Pessi Parviainen


Do We Have To Call Anything Music?
Töölönlahti: A Parable


Approaching musicianship as performance has been a tough nut to crack for scholars. Philip Auslander has called it a disciplinary dilemma: it is as if music refuses to be located in tangible action. Composer Mauricio Kagel wanted to make “music for all senses”, but it hasn’t been called that – instead, the terms “music theatre” or “instrumental theatre” have been used. The concept of music repels everything that is deemed extramusical. A holistic understanding of the musician is not possible. Why is that?

The problem lies in the concept of music itself. To investigate the issue, an unprecedented task was undertaken: writing a conceptual history of music. Within the scope of this dissertation, it is more an outline or a sketch than a thorough history; but even through this brief Begriffsgeschichte, the Hellenistic and dogmatic lineage of the concept of music comes to view, continuing even in its contemporary guises. An alternative mindset also becomes apparent: that of concrete concepts. Classical Jewish resistance to Hellenization suggests a profound difference in worldview, pointing to the possibility that Ancient Hebrew has different concepts that could be incompatible with the concept of music. This turns out to be the case: there is no “music” in Ancient Hebrew, yet there are several words for playing instruments and singing. All these are fundamentally different from “music”, in that they are concrete and practical, not religious, not myth-derived. On the other hand, they are not materialistic, because they lend themselves readily to parabolic thought.

Concrete concepts connect to each other readily, without the need for dogma. This has profound significance regarding the bringing together of artforms.

A dogmatic “unity”, such as in the Hellenist vision of Wagner’s Gesamtkunstwerk, exacerbates the problems of reification. The structure becomes the more blind to reality the larger it is allowed to grow. This is an effect of placing music as the conceptual foundation.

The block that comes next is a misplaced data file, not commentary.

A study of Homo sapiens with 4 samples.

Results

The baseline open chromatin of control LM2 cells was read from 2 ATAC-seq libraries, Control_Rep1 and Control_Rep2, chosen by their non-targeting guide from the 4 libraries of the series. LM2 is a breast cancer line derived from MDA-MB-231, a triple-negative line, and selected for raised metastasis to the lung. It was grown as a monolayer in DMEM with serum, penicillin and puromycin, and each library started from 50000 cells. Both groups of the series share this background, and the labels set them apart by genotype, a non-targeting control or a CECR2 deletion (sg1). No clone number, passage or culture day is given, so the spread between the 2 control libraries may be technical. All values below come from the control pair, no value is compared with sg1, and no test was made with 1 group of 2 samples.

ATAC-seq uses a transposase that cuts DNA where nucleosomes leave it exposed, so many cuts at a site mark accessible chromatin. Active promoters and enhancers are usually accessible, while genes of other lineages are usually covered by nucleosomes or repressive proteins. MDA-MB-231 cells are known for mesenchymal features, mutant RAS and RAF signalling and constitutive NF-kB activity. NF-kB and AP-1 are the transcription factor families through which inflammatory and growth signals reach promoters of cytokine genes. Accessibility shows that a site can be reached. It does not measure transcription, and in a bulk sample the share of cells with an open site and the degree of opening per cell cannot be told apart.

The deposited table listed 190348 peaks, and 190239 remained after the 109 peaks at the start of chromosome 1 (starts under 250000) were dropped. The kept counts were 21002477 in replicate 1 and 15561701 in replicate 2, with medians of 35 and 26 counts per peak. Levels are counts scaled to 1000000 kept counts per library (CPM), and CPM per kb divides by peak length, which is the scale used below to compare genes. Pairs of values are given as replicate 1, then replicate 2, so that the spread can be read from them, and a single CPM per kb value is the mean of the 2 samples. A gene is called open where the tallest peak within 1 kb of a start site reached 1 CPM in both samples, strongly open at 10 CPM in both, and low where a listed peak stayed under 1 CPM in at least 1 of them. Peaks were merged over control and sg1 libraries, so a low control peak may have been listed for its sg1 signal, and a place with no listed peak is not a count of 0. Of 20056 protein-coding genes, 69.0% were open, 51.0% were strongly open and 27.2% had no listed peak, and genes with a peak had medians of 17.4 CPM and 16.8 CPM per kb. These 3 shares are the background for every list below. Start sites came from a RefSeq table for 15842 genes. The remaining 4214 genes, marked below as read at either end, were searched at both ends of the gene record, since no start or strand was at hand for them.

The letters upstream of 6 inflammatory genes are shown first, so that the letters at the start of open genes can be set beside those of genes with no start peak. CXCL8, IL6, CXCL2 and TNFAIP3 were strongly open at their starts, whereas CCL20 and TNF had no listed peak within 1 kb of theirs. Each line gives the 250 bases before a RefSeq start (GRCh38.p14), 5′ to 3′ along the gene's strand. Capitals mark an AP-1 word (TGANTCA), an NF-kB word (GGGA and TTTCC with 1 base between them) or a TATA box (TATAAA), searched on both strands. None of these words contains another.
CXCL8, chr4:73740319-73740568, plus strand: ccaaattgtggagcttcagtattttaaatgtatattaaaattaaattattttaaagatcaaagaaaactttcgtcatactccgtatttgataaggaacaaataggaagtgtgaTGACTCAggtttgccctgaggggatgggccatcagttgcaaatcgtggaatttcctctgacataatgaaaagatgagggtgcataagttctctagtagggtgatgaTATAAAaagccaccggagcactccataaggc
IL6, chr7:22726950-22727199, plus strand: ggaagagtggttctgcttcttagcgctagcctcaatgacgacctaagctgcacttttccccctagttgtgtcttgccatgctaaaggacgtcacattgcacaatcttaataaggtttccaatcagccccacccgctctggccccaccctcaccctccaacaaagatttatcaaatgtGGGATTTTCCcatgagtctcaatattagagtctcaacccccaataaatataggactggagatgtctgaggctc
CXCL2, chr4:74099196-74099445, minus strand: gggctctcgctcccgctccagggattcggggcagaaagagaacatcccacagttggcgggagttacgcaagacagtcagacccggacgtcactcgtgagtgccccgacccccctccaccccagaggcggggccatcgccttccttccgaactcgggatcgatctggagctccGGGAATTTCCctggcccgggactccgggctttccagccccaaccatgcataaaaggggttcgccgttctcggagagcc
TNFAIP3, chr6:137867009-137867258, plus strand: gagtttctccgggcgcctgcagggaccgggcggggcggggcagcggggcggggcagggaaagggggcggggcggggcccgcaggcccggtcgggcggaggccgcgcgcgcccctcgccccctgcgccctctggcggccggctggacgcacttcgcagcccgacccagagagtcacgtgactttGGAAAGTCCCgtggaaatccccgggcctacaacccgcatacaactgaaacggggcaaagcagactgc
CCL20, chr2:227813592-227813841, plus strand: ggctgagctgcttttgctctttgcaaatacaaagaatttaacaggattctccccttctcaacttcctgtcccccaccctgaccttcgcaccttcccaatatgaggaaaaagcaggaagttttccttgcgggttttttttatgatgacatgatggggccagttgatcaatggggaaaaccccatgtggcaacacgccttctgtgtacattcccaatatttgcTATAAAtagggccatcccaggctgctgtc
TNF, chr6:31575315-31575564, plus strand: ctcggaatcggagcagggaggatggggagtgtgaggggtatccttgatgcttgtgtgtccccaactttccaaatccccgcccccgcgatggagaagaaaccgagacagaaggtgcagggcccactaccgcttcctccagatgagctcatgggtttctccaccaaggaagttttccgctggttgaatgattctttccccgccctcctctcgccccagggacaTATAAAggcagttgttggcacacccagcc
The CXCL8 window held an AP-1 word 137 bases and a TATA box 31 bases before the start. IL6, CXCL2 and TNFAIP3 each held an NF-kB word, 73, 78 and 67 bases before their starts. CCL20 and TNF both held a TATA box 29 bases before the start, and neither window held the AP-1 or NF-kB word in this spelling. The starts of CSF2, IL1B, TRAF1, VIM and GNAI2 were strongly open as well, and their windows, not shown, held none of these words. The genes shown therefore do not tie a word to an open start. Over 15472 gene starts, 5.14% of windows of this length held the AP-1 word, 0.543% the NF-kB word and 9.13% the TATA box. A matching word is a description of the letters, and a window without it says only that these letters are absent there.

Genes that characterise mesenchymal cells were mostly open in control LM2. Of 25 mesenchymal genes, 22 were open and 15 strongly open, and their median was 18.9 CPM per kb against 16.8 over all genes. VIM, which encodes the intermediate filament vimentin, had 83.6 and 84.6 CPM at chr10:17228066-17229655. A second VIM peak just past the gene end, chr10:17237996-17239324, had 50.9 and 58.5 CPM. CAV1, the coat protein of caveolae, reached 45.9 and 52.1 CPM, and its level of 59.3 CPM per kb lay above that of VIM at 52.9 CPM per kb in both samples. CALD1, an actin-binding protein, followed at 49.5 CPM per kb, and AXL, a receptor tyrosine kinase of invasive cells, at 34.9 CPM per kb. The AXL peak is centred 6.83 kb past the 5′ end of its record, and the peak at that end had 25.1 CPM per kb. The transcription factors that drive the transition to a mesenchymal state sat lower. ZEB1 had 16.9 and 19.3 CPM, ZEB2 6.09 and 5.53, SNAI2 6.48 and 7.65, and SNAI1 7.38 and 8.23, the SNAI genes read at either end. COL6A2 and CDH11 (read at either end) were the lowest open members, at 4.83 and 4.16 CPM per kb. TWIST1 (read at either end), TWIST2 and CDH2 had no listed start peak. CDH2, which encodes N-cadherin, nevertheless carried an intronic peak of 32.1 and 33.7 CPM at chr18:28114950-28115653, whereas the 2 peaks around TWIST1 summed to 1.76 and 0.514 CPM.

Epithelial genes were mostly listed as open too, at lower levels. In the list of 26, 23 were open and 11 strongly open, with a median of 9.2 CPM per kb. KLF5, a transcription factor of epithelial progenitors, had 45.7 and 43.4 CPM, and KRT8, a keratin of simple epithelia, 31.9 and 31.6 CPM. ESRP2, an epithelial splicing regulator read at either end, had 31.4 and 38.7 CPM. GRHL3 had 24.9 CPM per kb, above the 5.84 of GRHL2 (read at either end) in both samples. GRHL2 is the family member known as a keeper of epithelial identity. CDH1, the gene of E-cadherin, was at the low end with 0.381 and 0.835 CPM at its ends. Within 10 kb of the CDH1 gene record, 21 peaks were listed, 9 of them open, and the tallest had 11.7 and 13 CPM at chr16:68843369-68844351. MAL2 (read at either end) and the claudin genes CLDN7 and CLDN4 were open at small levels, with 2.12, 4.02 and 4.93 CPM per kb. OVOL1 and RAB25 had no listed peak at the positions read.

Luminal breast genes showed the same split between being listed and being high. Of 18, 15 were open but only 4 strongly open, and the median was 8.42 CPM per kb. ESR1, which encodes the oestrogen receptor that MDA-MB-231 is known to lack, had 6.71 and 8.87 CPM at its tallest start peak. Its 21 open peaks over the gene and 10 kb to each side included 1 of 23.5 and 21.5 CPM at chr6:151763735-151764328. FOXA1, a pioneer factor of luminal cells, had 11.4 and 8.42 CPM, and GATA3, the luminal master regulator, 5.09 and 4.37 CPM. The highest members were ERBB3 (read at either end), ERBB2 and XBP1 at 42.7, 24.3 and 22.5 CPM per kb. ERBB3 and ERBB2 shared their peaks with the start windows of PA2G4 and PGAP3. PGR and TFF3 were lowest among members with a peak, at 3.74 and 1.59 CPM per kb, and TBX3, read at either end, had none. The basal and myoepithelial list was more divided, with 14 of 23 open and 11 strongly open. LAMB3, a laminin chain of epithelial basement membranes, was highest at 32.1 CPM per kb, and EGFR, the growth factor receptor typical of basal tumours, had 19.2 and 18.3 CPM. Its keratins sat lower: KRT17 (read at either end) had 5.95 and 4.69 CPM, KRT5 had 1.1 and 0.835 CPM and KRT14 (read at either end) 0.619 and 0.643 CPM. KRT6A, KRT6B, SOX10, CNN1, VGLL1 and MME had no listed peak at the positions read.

Concrete concepts avoid this problem. This dissertation proposes that if Hellenist abstraction is dethroned, a practical, relational and ethical understanding of the functioning together of different forms of expression can be achieved, with the concrete concepts that are already in use. “Ecological Composition” is a proposed term for this.

So, to answer the question in the subtitle, do we have to call anything music? No, we don’t! And we will be surprised by the consequences when we cease to do so.

The artistic component of this research is a movie: “Töölönlahti: A Parable”. Töölönlahti, a central area in Helsinki, has a troubled history of rather hubristic total visions of urban planning, all of which have failed. In this landscape of failed Gesamtkunstwerks, the movie documents small scale artistic adaptations performed in the landscape. Thus the movie presents an audiovisual parable that juxtaposes idealism and pragmatic solutions.

The premiere is planned for late 2018 or early 2019.
Tutkimus ja julkaisut

"Paysage et Composition", teoksessa Paysages Variations: autour du paysage comme variation artistique, toim. Manola Antonioli, Vincent Jacques, Alain Milon. Pariisi: Editions Loco, 2015.

"Äänten suunnittelu ja musiikin käsite", teoksessa Ääneen ajateltua - kirjoituksia äänestä, esityksestä ja niiden kohtaamisesta, toim. Heidi Soidinsalo. Helsinki: Teatterikorkeakoulu, 2014.